As if public-school teachers aren’t already loaded down with enough responsibilities, a new law will turn them into de facto social workers (“Young, Homeless - and Invisible,” The Atlantic, Feb. 11). The Homeless Children and Youth Act of 2015 would amend the definition of a homeless person to include certain homeless children.
The Department of Education’s latest national survey that was conducted during the 2012-13 school year identified 1.2 million homeless students across the country. Students falling into this category lacked a “fixed, regular, and adequate nighttime residence.” By law, every school district is required to designate “homeless liaisons” for their campuses. But according to The Homestretch, a recent documentary, these liaisons are overworked. As a result, the job falls on the shoulders of teachers.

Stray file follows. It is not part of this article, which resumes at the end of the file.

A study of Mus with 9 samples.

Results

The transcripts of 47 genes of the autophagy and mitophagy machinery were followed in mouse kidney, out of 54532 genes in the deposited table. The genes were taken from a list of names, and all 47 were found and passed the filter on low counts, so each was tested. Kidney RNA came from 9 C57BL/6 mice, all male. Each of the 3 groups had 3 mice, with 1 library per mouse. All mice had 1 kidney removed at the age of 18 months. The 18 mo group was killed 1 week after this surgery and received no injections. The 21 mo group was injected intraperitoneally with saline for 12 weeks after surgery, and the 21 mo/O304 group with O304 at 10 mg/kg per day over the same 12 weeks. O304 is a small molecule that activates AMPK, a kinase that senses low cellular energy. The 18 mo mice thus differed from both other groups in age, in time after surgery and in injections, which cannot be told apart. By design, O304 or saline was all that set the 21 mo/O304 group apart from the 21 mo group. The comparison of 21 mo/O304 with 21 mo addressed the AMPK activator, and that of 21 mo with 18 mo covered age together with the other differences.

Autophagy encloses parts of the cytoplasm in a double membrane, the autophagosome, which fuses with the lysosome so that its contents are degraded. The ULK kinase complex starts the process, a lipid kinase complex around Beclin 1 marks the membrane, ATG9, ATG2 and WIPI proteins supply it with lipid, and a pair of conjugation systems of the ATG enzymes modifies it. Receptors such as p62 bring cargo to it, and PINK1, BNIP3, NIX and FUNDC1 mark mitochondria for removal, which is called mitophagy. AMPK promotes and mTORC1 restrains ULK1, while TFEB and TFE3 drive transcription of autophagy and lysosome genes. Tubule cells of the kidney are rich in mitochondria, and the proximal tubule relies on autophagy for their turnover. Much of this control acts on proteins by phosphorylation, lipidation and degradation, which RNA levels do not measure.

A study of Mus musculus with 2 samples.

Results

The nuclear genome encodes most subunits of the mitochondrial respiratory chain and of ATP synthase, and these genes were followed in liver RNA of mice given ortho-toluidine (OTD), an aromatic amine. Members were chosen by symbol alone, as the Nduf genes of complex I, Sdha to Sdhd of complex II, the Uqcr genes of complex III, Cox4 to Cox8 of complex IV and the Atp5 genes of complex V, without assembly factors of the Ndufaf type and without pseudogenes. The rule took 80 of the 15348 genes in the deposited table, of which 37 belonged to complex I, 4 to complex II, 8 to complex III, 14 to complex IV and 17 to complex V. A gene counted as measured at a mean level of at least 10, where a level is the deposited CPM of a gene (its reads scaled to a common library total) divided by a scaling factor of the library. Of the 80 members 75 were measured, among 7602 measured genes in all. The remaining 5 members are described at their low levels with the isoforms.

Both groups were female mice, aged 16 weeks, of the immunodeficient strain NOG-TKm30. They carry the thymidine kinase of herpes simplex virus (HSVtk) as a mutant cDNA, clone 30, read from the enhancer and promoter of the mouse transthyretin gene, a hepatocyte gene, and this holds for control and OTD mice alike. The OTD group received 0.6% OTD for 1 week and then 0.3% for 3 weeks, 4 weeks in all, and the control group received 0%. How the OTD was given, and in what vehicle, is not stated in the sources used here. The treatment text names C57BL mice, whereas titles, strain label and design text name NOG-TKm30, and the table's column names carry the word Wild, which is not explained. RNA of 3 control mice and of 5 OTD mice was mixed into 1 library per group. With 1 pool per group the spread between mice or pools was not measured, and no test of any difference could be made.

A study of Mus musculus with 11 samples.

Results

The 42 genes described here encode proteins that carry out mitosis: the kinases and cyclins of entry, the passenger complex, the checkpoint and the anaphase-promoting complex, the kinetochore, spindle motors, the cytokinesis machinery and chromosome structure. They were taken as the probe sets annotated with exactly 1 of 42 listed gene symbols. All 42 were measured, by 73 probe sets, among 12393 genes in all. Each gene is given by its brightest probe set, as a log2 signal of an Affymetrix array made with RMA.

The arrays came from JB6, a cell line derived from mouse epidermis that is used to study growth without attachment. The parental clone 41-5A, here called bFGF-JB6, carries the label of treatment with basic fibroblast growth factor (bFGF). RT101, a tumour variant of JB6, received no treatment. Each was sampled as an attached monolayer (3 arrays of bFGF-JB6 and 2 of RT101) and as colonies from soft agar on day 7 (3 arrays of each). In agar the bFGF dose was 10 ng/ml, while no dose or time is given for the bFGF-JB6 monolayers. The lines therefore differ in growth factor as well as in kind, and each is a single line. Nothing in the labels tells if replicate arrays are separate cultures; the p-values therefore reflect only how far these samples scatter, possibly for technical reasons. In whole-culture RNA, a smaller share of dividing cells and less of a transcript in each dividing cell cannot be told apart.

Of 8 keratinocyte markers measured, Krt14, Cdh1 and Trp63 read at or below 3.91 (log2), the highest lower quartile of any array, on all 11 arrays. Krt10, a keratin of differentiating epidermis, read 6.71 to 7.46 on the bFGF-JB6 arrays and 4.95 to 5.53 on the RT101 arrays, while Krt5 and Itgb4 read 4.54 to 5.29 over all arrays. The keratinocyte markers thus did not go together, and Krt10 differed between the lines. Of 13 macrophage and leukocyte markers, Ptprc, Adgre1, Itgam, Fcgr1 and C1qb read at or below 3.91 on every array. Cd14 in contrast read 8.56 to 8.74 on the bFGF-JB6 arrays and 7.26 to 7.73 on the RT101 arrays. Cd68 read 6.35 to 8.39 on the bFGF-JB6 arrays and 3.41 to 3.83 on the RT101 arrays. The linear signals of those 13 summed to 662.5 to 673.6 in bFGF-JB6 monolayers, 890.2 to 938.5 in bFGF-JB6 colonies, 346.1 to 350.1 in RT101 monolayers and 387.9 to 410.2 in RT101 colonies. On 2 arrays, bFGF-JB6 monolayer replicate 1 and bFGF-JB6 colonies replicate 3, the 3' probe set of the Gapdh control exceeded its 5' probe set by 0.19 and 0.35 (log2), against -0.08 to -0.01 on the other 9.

In a way, that’s understandable because teachers are the first to notice the likely signs of homelessness in their students. But it’s one thing to identify them and another to follow through. Who is ultimately responsible? That’s what’s so troubling. The No. 1 job of teachers is supposedly to teach subject matter. How can they do so if they’re also acting as social workers?
The existence of so many homeless students also calls into question the fairness of comparing traditional public schools with charter schools. I doubt that charter schools enroll many homeless students. As a result, they wind up by default in traditional public schools, which are expected to educate them despite the huge handicaps they bring to class.
The opinions expressed in Walt Gardner’s Reality Check are strictly those of the author(s) and do not reflect the opinions or endorsement of Editorial Projects in Education, or any of its publications.